Speaking Up for Vulnerable AAPI Workers
Ed. note: This is cross-posted on the U.S. Department of Labor's blog. See the original post here.
Every May we celebrate the contributions of Asian-Americans and Pacific Islanders in building a better, stronger, more vibrant America. As the fastest growing ethnic population in the U.S., AAPIs are also playing an important role in the nation’s economy — from Filipino health care workers to Korean grocers to South Asian taxi drivers to Vietnamese nail salon workers. Unfortunately, many AAPI workers are also some of our most vulnerable workers.
A Gallup poll highlighted a troubling statistic — that nearly 30 percent of AAPI workers have reported being victims of employment discrimination. Recognizing that AAPI workers face exploitation, but are among the least likely to assist government assistance, the White House initiative on Asian-Americans and Pacific Islanders — WHIAAPI — along with an interagency working group launched the Vulnerable Worker Project to seek out and hear directly from AAPI workers about the challenges they face in the workplace.
Since August 2014, the project members, led by the U.S. Labor Department, held a series of five listening session across the country. The goals of the listening sessions were to (1) understand the specific employment and labor issues faced by the AAPI workforce in high-risk and low-wage industries; (2) educate AAPI communities about their federal civil rights and labor protections; and (3) develop enforcement and policy priorities for federal agencies to address persistent issues.
The information gathered in those listening sessions was compiled and released this week in a new report, The First Report Of the Vulnerable Workers Project: The Listening Sessions. The report takes a hard look at the challenges faced by AAPI workers and offers recommendations to help break down barriers that prevent many of these workers from seeking help.
A lot of the challenges are rooted in cultural barriers; many new immigrants from places like Bhutan, Burma and Cambodia arrive feeling isolated, and this isolation opens them up for exploitation from unscrupulous individuals who take advantage of their dire economic situation. Many fear of backlash from their communities if they report unlawful behavior by an employer from the same community.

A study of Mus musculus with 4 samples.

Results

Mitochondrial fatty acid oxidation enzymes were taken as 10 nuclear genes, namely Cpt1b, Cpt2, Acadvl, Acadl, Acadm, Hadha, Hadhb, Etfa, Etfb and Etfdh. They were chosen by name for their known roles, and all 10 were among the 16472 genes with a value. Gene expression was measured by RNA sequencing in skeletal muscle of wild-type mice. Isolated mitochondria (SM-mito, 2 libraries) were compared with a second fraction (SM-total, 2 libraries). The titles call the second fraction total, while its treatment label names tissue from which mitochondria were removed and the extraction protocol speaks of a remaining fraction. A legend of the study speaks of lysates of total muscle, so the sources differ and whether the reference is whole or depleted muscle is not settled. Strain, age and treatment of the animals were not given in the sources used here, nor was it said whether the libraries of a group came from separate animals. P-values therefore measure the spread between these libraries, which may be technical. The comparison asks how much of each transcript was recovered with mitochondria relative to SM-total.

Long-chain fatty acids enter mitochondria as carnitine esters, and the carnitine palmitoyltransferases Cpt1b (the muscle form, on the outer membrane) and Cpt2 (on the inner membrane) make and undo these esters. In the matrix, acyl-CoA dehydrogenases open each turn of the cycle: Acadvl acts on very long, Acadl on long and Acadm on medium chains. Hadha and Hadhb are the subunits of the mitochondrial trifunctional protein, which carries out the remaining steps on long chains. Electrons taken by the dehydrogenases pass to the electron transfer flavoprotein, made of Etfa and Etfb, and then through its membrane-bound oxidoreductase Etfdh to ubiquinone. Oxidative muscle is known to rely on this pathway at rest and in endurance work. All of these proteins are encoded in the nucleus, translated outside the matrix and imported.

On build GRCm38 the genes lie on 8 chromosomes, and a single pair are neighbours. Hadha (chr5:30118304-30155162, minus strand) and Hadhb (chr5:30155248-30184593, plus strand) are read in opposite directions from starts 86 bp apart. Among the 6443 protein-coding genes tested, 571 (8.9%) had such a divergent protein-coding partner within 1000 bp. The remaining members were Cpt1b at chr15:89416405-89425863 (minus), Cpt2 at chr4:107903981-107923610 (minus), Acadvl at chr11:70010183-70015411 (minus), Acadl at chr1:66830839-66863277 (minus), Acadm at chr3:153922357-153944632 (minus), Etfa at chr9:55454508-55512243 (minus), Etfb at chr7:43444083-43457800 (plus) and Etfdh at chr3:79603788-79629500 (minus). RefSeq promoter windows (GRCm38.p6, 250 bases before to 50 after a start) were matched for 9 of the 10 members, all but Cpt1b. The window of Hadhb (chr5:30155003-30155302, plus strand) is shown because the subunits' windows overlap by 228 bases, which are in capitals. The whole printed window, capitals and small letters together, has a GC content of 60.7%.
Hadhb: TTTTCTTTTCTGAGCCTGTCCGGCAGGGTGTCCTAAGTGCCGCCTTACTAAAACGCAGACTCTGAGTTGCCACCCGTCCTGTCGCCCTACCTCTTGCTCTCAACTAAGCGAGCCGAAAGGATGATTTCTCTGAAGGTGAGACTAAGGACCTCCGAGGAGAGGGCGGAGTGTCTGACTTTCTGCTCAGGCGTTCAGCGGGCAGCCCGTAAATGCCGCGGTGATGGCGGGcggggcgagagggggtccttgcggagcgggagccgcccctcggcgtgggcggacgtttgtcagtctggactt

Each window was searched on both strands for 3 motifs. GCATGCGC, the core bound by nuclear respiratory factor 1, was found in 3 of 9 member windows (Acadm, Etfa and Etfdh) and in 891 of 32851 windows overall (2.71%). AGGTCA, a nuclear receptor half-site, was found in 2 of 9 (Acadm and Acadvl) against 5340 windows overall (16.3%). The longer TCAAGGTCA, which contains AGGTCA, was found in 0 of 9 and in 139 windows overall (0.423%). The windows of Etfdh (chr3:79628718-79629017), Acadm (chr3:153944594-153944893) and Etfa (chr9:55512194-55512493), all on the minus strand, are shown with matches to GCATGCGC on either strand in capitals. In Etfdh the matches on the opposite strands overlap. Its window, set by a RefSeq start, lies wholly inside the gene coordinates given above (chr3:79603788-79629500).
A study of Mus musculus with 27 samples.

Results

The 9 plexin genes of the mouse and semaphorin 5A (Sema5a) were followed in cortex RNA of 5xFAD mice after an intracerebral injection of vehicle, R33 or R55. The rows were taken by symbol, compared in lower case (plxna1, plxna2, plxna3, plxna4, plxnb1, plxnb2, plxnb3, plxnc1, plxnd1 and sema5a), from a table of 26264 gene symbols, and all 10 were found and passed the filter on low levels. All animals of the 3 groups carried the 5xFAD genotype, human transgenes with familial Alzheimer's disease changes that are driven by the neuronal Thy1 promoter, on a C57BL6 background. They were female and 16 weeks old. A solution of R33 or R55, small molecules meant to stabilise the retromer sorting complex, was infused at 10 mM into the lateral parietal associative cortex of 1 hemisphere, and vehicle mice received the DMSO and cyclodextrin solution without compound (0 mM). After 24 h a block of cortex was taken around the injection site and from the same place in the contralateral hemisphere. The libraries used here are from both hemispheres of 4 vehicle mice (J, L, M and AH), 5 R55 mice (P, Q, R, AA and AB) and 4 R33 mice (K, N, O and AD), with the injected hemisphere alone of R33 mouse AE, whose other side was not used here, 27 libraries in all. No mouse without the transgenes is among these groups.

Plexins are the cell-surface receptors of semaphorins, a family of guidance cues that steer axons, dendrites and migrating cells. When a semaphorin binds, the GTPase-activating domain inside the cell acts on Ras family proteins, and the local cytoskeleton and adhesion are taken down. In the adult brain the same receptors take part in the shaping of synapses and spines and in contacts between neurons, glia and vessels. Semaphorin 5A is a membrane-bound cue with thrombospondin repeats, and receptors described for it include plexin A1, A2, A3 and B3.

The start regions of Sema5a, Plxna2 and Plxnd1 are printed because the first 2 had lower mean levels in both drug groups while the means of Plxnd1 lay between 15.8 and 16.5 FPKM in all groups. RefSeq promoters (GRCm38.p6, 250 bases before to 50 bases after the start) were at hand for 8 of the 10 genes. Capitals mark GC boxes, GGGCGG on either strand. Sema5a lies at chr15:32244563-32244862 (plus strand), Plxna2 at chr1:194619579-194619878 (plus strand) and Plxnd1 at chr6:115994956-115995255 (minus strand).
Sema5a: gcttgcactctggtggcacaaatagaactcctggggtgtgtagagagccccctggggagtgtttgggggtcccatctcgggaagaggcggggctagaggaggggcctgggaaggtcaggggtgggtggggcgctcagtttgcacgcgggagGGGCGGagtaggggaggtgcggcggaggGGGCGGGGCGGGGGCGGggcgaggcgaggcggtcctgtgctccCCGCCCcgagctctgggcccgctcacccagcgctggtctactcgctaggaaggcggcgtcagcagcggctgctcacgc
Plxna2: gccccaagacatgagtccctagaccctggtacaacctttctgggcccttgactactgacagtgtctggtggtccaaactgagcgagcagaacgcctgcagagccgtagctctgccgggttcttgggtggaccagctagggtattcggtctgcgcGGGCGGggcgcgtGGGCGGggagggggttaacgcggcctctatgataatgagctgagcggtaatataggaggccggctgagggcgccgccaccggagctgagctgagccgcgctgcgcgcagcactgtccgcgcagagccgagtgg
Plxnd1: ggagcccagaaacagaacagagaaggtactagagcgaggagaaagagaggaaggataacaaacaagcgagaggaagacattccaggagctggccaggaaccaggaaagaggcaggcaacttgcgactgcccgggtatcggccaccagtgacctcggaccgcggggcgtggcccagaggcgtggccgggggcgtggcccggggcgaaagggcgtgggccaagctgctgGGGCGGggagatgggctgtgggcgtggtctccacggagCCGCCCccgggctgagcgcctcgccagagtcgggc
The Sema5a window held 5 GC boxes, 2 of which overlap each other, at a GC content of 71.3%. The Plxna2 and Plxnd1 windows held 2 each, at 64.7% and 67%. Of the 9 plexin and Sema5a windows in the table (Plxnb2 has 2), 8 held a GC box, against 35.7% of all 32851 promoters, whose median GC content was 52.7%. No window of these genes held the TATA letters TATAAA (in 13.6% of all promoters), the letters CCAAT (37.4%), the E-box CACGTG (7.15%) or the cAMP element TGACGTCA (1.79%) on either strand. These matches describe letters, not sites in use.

What’s also troubling is the helplessness they feel when they do seek recourse. Participants talked about the difficulty navigating federal agencies for help — from challenges exposed by language barriers to the confusion that comes from having to deal with multiple federal agencies, and the complicated process to file complaint forms.
The WHIAAPI report offered several recommendations to improve access to federal services. One main priority is to continue the practice of “no wrong door” — no matter where workers are connecting with the federal government, it’s the agency’s responsibility to ensure the worker is connected to right federal program to offer assistance. The recommendations also include expanding language access, greater collaboration and coordination across federal agencies to improve services for vulnerable workers, increasing direct engagement with AAPI communities, and several other important reforms.
These are challenges that we have to overcome, and it’s a moral imperative to ensure that the services and protections offered by the federal government are available to all. From protections against misclassification and wage theft to reducing exposure to dangerous chemicals, the Department of Labor’s priorities are also priorities for AAPI communities.